Audacity in Adversity: LGBT Activism in the Middle East and North Africa,” a seventy-five-page document produced in collaboration with the Beirut-based NGO Arab Foundation for Freedoms and Equality, details the struggles individuals in the Muslim world more generally continue to face at all levels—social, legal, and political. It also documents the unexpected progress activists have made in the last decade. From mundane acts of everyday resistance, such as waving a rainbow flag at a concert in Cairo, to the establishment of shelters for those abandoned by their families after coming out, the report tells a compelling tale of solidarity to complement the narrative of victimhood.

It is true that sexual orientation- and gender identity-related (SOGI) human rights violations in this region, while varying in terms of severity, remain rampant. Egyptian police have, for example, administered notorious forced anal exams to ‘determine’ male homosexuality. In Iraq, where neither same-sex conduct nor ‘immoral’ or ‘unnatural’ sexual acts is criminalized, the pro-government paramilitary group Asa’ib Ahl al-Haq (Leagues of the Righteous), nevertheless, participated in numerous waves of killings targeting gender-nonconforming men between 2012 and 2017, up to and including men who had long hair or who were wearing tight jeans. In the Gulf States, meanwhile, a soft form of discrimination towards gender nonconformity has been practiced. Much like Kuwait’s 2007 law criminalizing “imitation of the opposite sex”, Oman introduced a legal provision this year to punish any man who “appears to dress in women’s clothing.”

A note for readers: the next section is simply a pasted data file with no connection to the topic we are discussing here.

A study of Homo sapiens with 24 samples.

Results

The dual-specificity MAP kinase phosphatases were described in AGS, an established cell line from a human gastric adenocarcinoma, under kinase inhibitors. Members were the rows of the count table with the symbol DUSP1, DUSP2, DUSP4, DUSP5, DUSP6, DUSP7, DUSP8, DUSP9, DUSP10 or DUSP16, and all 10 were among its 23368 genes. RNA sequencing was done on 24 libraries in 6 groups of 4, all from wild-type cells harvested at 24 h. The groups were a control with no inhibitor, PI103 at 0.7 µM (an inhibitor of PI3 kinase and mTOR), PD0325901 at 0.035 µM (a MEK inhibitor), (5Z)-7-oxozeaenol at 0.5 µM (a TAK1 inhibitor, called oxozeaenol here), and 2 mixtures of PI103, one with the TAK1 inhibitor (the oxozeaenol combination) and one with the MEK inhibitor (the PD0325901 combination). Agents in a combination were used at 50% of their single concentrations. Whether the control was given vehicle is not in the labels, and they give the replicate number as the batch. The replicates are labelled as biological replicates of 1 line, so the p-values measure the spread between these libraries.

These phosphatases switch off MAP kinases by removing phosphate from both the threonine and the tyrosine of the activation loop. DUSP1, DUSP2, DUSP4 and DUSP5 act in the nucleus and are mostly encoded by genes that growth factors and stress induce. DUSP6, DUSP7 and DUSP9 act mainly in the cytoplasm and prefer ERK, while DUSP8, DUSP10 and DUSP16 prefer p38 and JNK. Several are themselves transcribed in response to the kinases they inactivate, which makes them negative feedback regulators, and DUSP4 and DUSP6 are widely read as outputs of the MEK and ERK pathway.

While the laws and practices might vary, these and other regional countries are united in an agenda of ‘heterosexualizing and punishing’ gender- and sex-nonconforming individuals. Successfully fighting against this agenda are a number of NGOs and community organizations scattered across the region, some operating covertly and others overtly. 

Where vaguely worded laws prohibit freedom of sexual expression under the umbrella of ‘breach of modesty,’ ‘incitement to debauchery’ or simply ‘indecency,’ gay Arabs are finding opportunities for expression in the bilingual Jordanian magazine My.Kali, which has not only survived suppression but is entering its tenth year. Where a Pride parade is impossible because of the risk of violence, LGBT groups have tenaciously sought to ally themselves with other groups advancing human rights causes, as in the case of the Tunisian Collective for Individual Freedoms. These activists have worked quietly but effectively, providing victims of state violence with lawyers and mobilizing public support to protest against inhumane prison conditions affecting LGBT individuals. Also in Tunisia, activists have even managed to establish an LGBT radio station amid thousands of threats. 

Alongside the Human Rights Watch report is a video featuring interviews with a range of LGBT-identifying Arabs in the region, all of whom give courage to others in their situation to stand strong and remind them of the steadily improving prospects for coalition-building and freedom for SOGI expression. Amid all their statements, that of Mashrou Leila frontman Hamed Sinno rings most true: “It’s hard when you are young. And it stays hard, but it gets easier.”